Rawhide Chews: Getting Some Perspective

rawhide_chipsRecently there has been a post circulated heavily across many doggy pages on social media about the risks of feeding rawhide chews.  We have had lots of people wanting to speak to us about it in the shop so we thought it may also be helpful to pop up some further info to allow you to make an informed choice.  Whilst the post in question makes lots of  very valid points, and it is absolutely important to be aware of risks and to make sure you look at where items are sourced from, we are also concerned that there are some points that are perhaps not as balanced as they could be and we thought it would be helpful to try to clarify some of these points. We have provided the full details in a blog article on the subject.   As a summary we would always recommend that you research where you source the hide you give your dog.  We would also only recommend giving hide to dogs whilst supervising and only to those dogs that are not too greedy with gulping down larger pieces of unchewed hide (but we would also recommend this with any harder chew).  Rawhide may not work for every dog but the same could be said for other chews (i.e. some dogs do well with pigs ears but others find them too rich).

Point 1:   "A rawhide stick is not the by-product of the beef industry nor is it made of dehydrated meat. Rather, rawhide is the by-product of the “Leather Industry”, so theoretically it is a leather chew. ?" Although it is not a dehydrated meat product it is still a by-product of the beef industry (as is leather) and there are lots of other natural chews which are not dehydrated meat i.e. ears, snouts etc which are very popular.  We have been very careful to ensure that the main range of hide chews we stock in the shop are from highly regulated, ethical supplier.  The main range we stock are actually from Argentian/Brazilian free range cattle which are used for their meat and then the leather and hide are also produced from these cattle.

Point 2:   "Once at the tannery: the hides are soaked and treated with either an ash-lye solution or a highly toxic recipe of sodium sulphide liming. This process will help strip the hair and fat that maybe attached to the hides themselves. "  To remove excess hair, salts or oils the hide we stock are soaked in large vats with mostly water and there are no harmful or toxic chemicals  used (they are not soaked in a highly toxic recipe of sodium sulphide liming as referred to in the original post).    They are solely made of fully digestible hypodermic interstitial tissue (AKA skin) and no harmful chemicals are used to "puff" the hide as described in the original post.  They are not bleached either.  There may be some sources of hide which this applies to but not from the higher quality ranges which we choose to stock.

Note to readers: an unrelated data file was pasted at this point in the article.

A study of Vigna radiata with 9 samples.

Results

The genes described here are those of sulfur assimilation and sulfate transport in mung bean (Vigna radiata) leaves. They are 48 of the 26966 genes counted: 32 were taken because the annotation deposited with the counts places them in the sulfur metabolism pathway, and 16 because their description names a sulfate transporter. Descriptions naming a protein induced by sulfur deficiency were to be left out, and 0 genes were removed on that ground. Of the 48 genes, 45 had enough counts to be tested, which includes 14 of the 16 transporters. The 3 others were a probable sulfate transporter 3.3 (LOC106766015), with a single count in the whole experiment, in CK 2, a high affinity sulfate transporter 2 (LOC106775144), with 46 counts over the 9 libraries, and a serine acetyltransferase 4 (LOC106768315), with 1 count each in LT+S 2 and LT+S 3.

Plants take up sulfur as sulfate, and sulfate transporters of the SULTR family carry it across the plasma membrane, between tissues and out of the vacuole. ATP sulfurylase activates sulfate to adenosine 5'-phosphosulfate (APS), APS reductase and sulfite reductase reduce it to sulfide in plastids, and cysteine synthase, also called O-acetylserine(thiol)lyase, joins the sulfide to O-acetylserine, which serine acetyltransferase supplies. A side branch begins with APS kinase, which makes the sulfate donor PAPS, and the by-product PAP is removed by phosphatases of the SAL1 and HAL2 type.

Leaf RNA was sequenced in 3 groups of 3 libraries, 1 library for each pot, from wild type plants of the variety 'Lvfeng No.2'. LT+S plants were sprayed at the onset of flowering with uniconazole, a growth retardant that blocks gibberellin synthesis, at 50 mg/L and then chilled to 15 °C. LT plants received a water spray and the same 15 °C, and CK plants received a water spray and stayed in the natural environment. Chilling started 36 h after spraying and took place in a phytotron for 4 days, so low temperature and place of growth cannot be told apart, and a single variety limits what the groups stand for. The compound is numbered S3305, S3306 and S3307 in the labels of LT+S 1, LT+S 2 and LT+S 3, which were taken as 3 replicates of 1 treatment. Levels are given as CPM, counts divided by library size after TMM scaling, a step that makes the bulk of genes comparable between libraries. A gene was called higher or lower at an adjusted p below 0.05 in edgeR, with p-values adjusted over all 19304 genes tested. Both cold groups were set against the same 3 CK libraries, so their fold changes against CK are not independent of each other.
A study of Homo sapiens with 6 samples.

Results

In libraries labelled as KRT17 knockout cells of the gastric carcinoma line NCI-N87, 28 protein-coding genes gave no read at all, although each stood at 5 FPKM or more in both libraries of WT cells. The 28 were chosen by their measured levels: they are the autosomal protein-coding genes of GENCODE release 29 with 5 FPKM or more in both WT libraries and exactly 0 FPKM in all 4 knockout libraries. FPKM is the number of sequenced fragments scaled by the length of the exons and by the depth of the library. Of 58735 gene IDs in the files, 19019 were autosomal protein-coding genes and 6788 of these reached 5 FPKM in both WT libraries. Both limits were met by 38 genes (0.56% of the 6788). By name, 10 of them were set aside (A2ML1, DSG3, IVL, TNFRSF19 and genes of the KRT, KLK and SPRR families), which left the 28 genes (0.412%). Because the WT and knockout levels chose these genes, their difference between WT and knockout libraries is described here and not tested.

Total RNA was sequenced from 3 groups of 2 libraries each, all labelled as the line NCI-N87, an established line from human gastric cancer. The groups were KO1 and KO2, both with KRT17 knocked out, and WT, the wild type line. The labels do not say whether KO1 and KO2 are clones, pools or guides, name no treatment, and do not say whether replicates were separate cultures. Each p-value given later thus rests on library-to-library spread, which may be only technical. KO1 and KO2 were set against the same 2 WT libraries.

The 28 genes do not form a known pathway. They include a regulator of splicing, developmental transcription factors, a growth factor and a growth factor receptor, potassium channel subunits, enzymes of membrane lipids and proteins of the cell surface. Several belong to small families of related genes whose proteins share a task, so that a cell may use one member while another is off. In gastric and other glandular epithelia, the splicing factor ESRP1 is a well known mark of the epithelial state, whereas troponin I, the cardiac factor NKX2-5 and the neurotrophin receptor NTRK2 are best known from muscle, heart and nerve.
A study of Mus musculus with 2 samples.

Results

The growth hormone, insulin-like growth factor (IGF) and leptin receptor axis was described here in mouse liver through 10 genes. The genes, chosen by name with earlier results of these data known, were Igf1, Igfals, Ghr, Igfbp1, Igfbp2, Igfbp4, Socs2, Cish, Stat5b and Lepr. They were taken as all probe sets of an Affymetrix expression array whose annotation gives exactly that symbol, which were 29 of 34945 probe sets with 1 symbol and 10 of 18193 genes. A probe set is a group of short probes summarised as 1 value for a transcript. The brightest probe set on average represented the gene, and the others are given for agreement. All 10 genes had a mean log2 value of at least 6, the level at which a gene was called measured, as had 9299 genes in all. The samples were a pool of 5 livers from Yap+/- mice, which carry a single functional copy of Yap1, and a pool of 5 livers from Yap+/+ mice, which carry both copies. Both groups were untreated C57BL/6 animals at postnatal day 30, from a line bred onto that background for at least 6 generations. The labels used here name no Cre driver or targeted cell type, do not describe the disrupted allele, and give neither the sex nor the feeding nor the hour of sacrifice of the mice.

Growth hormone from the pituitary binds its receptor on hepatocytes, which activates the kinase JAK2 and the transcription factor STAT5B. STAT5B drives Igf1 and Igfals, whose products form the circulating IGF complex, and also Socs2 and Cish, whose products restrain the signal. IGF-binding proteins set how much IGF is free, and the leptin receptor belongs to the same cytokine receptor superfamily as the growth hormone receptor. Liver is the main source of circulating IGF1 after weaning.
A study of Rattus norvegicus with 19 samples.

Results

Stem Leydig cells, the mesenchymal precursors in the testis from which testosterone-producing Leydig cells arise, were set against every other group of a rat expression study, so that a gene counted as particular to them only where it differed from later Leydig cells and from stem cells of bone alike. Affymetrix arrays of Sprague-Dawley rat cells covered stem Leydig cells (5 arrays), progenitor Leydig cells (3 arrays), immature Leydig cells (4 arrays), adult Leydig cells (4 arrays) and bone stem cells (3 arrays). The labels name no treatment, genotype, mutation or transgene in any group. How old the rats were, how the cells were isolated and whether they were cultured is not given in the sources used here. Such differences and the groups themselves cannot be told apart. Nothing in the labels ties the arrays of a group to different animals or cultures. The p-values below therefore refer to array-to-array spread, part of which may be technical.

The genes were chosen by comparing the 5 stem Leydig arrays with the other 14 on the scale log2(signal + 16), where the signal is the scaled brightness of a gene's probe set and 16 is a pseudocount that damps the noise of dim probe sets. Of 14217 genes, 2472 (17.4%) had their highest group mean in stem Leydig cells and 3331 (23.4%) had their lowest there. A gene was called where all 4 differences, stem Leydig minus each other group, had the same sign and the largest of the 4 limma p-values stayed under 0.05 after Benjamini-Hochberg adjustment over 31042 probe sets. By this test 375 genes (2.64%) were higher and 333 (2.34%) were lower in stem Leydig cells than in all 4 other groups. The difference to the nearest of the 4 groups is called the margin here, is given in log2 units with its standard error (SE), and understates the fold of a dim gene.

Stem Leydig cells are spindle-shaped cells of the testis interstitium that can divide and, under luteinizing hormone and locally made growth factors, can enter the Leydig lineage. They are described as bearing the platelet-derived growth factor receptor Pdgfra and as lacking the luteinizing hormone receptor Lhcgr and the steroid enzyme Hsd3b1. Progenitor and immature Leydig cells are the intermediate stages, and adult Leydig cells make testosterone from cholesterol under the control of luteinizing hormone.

Point 3: "Basted, smoked, and decoratively tinted products might be any color (or odor) underneath the coating of (often artificial) dyes and flavors. They can even be painted with a coating of titanium oxide to make them appear white and pretty on the pet store shelves"  There are certain types of hide from poor sources which certainly  can be coloured and flavoured with potentially harmful chemicals and we would always recommend ensuring that you check out where your products are sourced from.  Again, we are extremely careful about where we source from and ensure that the hides are either uncoloured or only using natural flavouring (i.e. for the peanut butter ones we stock).  We are careful about where we source all our treats from though as other poor quality, harmful treats are also on the market - not just in hide market.

Point 4: "When tested: Lead, arsenic, mercury, chromium salts, formaldehyde, and other toxic chemicals have been detected in raw hides. So it’s safe to say that any sort of glues can be used as well!"  Again we are aware that there are some products which can be from less well regulated and traceable sources (the same can be said for many treats not just rawhide).  We are careful to ensure that our hide is from very transparent, well regulated and inspected sources which do not use any toxic, harmful chemicals in their production.

Point 5: “Choking or blockages. If your dog swallows large pieces of rawhide, the rawhide can get stuck in the esophagus or other parts of the digestive tract. Sometimes, abdominal surgery is needed to remove them from the stomach or intestines. If it isn’t resolved, a blockage can lead to death.“  Rawhides, as with any chews, can carry a small choking risk.  We always recommend that you supervise your dog carefully when feeding and if they are greedy and prone to chewing off larger pieces and swallowing whole then we would not recommend giving these to your dog.  We would also advise this for many of the other treats though which some people argue as more "natural" i.e. raw bones, pigs ears, pizzles etc.

Whilst we do appreciate that there can be a risk of choking if your dog is not being properly supervised, we like to let our customers balance this up with the advantages when properly supervised.  It can provide a safer outlet for chewing than other things around the house they may be focussing on. It can also be a useful addition for tooth cleaning and as an aid to combatting boredom or anxiety alleviation.

We appreciate rawhide may not be suited to all dogs (if they are a greedy eater or if they have a sensitivity to beef etc) and for more information on the pros and cons of different chewing items please do have a look at our "to chews or not to chews" article on our blog or ask for a leaflet in store.